When it became clear in January that California’s adult day health care program was slated for budget elimination, people at the California Association of Adult Day Services got busy, cut to the bone, then came up with $28 million in cuts from their $160 million program.
Given the steep cuts the program had alreadyÂ made in previous years, they felt that was as low as they could possibly go.
Well, now they’re going to need to go lower.
Last week, the Legislature’s joint conference committee decided not to eliminate the adult day health care program — but did cut its overall budget in half. Adult day health care officials are relieved to be making those cuts, given the alternative.
“This was definitely an attempt by leadership to maintain a form of this program going forward,” Lydia Missaelides of CAADS said of last week’s conference committee decision. “They wanted to craft a way to secure this service for the most medically needy individuals.”
But like many Sacramento decisions, the actual cutting is more complicated than the decision to cut. Eliminating half the program is not a simple proposition.
The committee was worried about possible legal challenges to making such large cuts, so it decided to vote for elimination of the program, and then re-creation of the same program at half the price.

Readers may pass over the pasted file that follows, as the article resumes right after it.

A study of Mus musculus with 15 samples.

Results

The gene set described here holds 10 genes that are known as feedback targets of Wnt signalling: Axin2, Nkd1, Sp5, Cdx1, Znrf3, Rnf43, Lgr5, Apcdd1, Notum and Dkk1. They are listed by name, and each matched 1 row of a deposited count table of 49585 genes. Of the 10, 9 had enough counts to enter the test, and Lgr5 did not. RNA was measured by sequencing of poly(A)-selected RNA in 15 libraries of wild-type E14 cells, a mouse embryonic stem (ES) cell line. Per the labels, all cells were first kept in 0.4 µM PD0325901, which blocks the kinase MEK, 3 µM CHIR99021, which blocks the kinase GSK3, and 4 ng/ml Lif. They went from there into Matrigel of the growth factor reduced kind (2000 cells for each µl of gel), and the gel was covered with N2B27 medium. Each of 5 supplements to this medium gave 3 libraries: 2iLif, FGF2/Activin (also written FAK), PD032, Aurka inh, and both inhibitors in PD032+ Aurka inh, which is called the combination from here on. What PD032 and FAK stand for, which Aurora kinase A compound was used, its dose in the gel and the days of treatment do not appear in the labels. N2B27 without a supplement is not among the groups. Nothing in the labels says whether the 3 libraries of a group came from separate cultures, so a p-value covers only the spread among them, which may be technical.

Which means, in theory, the program will be shut down, and then restarted with a federal waiver. But how can a program go unfunded for the months it would take to get that waiver and restart it?
“Thatâs the question of the day,” Missaelides said. “How does one go about running the program while the criteria of waiver has to be changed?”
That’s one of the things the Assembly and Senate will need to discuss in budget talks this week, she said — how to come up with transitional funding to keep the program afloat while the federal waiver is secured. Getting a federal waiver takes some time.
“What they have to do is to direct the Department of Health [and Human] Services to craft a waiver,” Missaelides said. “Then they’ll submit that to CMS (the federal Centers for Medicare and Medicaid Services), then go back and forth to work it out, then have the program reborn as a waivered program.”
But the goal, she said, is to keep adult day health care centers running without interruption in California.
“What I heard them say is, they do not want centers closing their doors,” Missaelides said. “There will be a lot of misinformation out there because it’s confusing. Clearly that’s the intent, but technically I don’t know yet how they do that.”